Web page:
This series of articles will focus on the top wines from a number of Champagne Houses. In Champagne these top wines are referred to as that house’s “Tête de Cuvée”. The Tête de Cuvée will be made from a strict selection of the best barrels from the best vineyard parcels. The Tête de Cuvée is very limited in production, but it is very important to the Champagne house as it represents the best of the best, the crowning achievement that defines what the house is capable of.
Piper-Heidsieck is one of three of Champagne’s houses that have the Heidsieck name and are producing Champagne today. Each are separate entities, but each owes their origin to a young German man by the name of Florens-Louis Heidsieck.
Florens was a draper by trade and had nothing to do with the Champagne business, not by training or by family. But perhaps young Florens had possessed the best qualification of all to make Champagne: he was in love. Florens met and fell in love with Agathe Pertois and followed her to Reims where she lived. Today Reims is the hub of Champagne, the main centre in one of Champagne’s 5 regions, the Montagne de Reims. Upon arriving in Reims, Florens quickly adapted to the local culture and developed a taste for their sparkling wine. He soon ceased making drapes and began applying his considerable genius to making Champagne, founding the house Hiedseick et Cie. in 1780.
His wines have always held an allure to celebrities. His first celebrity fan was none other than Marie Antoinette, the Queen of France. He presented his first cuvée to the Queen who loved it and became effectively his first brand ambassador. The year was 1785, an auspicious year for Florens-Louis as that was the year Agathe and he were married. Fast forward to today and Piper Heidsieck continues to be the bubbly of celebrities. It is the Champagne served at the Oscars. It was the drink of choice for Marilyn Monroe who claimed she would get up every morning to a glass of Piper Heidsieck.
There are in fact three Champagne houses by the name of Heidsieck presently making wine. The original Heidsieck et Cie is now known as Heidsieck and Co Monopole. It eventually found its way into the hands of Pommery, another well-regarded Grande Marque who keeps Heidsieck and Co. Monopole a separate brand. Floren’s nephew Christian Heidsieck joined Florens in the business. After Florens died, Christian brought in a partner, Henri-Guillaume Piper. In a rather bizarre twist of fate, Henri-Guillaume and Floren’s widow, Agathe fell in love after Floren’s passing and married. This spawned the re-naming of Heidsieck et Cie to Piper-Heidsieck. The final Heidsieck Champagne House is that of Charles Heidsieck. Charles was Floren’s grand-nephew.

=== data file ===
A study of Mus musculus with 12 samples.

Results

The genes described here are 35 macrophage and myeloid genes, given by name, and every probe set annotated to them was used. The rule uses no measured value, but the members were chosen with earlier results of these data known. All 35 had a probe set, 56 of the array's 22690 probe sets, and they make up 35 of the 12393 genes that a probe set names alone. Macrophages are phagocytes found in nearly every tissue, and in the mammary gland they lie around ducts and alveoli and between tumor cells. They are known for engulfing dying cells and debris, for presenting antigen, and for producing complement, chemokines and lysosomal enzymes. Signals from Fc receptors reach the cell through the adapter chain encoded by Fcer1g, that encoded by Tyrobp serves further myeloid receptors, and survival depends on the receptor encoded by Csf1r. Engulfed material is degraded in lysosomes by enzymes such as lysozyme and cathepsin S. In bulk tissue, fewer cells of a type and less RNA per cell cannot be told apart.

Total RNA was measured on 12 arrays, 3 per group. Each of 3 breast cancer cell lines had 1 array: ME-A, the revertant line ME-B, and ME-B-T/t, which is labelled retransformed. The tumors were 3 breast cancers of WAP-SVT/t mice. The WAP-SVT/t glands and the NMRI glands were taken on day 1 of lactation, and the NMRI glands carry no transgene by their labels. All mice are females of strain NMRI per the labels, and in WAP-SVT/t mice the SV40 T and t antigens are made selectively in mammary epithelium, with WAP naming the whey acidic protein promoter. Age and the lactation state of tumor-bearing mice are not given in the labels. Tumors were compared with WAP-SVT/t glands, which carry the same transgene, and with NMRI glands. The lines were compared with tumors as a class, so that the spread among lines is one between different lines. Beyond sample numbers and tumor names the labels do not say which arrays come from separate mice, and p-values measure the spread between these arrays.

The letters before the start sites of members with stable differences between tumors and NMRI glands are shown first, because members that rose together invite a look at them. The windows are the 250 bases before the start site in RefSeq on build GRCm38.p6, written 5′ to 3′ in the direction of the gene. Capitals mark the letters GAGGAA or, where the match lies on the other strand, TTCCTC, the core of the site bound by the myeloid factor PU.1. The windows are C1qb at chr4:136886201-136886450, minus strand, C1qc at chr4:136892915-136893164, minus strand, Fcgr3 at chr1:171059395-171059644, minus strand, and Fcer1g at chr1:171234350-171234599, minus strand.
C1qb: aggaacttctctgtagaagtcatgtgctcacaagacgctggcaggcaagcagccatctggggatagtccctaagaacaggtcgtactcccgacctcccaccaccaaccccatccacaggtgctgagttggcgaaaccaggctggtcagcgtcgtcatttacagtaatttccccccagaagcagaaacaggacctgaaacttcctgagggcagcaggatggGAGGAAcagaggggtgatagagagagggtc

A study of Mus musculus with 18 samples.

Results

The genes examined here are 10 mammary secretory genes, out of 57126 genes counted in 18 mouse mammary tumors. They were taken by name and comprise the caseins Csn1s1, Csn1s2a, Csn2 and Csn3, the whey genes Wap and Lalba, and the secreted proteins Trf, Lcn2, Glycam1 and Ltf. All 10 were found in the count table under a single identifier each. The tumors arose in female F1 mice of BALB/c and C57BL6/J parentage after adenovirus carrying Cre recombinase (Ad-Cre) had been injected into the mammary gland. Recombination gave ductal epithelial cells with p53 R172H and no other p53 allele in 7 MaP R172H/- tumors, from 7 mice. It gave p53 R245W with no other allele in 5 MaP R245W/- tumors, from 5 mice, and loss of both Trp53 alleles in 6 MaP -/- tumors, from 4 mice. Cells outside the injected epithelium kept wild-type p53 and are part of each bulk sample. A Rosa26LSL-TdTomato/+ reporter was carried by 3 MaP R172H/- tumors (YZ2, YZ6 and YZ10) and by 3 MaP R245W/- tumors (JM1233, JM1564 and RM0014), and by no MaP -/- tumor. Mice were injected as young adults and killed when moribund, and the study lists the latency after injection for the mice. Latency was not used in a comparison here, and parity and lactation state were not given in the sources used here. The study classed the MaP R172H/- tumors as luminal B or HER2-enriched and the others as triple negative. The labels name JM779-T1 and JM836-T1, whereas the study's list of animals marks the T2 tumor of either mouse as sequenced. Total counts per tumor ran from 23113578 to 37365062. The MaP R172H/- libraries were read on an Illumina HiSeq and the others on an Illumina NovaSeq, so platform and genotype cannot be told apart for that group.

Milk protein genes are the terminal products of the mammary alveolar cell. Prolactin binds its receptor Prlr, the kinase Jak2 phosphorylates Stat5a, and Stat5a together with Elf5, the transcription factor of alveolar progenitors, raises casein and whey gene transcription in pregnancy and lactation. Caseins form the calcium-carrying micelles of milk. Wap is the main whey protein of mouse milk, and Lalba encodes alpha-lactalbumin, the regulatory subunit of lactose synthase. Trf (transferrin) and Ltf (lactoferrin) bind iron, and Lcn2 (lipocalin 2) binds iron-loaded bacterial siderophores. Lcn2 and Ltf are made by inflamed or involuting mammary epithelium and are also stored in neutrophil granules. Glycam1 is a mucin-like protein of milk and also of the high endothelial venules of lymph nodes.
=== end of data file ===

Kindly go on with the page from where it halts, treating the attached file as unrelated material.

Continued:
Piper-Heidsieck has always been known as a Pinot Noir house. Not surprising, given it location in the Montagne de Reims, solidly Pinot Noir country. That is why it is somewhat surprising that when the house decided to make its Tête de cuvée, Cuvée Rare, it has made the wine a blend of 70% Chardonnay and 30% Pinot Noir. Rare is Piper-Heidsieck’s top of the line Champagne. Living up to is name, it is only made in special vintages. In fact, since the first Rare was made in 1976, only 9 vintages have been made: 1976, 1979, 1988, 1990, 1998, 2002, 2006, 2007 and 2008. The 2007 was the first rosé and the 2008 is also a rosé. The wine is raised in stainless steel tanks and spends 7 years on the lees (the spent yeast cells) and a further 3 years in bottle before being released into the market.
In 2018 Rare split off from Piper-Heidsieck to become its own house. Regis Camus, Piper-Heidsieck’s Chef du Cave since 2002, and 8-time winner of the Sparkling Winemaker of the Year Award has gone with Rare to continue to make that wine. Rare does not see any oak in its elevage but goes through full malolactic fermentation which helps it obtain its texture and creamy mouthfeel.
Rare comes in one of the most beautiful Champagne bottles we have seen. The base of the bottle is wrapped in a gold vine tiara designed by Paris jeweller Arthus Bertrand. What is inside the bottle is just as beautiful as what is on the outside. The mainstream wine reviewers have all bestowed huge scores on this wine. Fine Champagne Magazine named Rare Millésime2002 their Champagne of the decade beating out names like Krug, Dom Perignon, Taittinger Comtes de Champagne and Roederer Crystal. A rare award indeed.
2002 Piper Heidsieck Rare
Huge notes of warm bread combined with citrus zest greet your nose far above the glass. The palate is rich and soft showing notes of apple skin, lemon and hints of mineral. The balance is impeccable. Medium+ body with moderate acidity. The finish has hints of nuts and honey and goes on and on. Very sophisticated.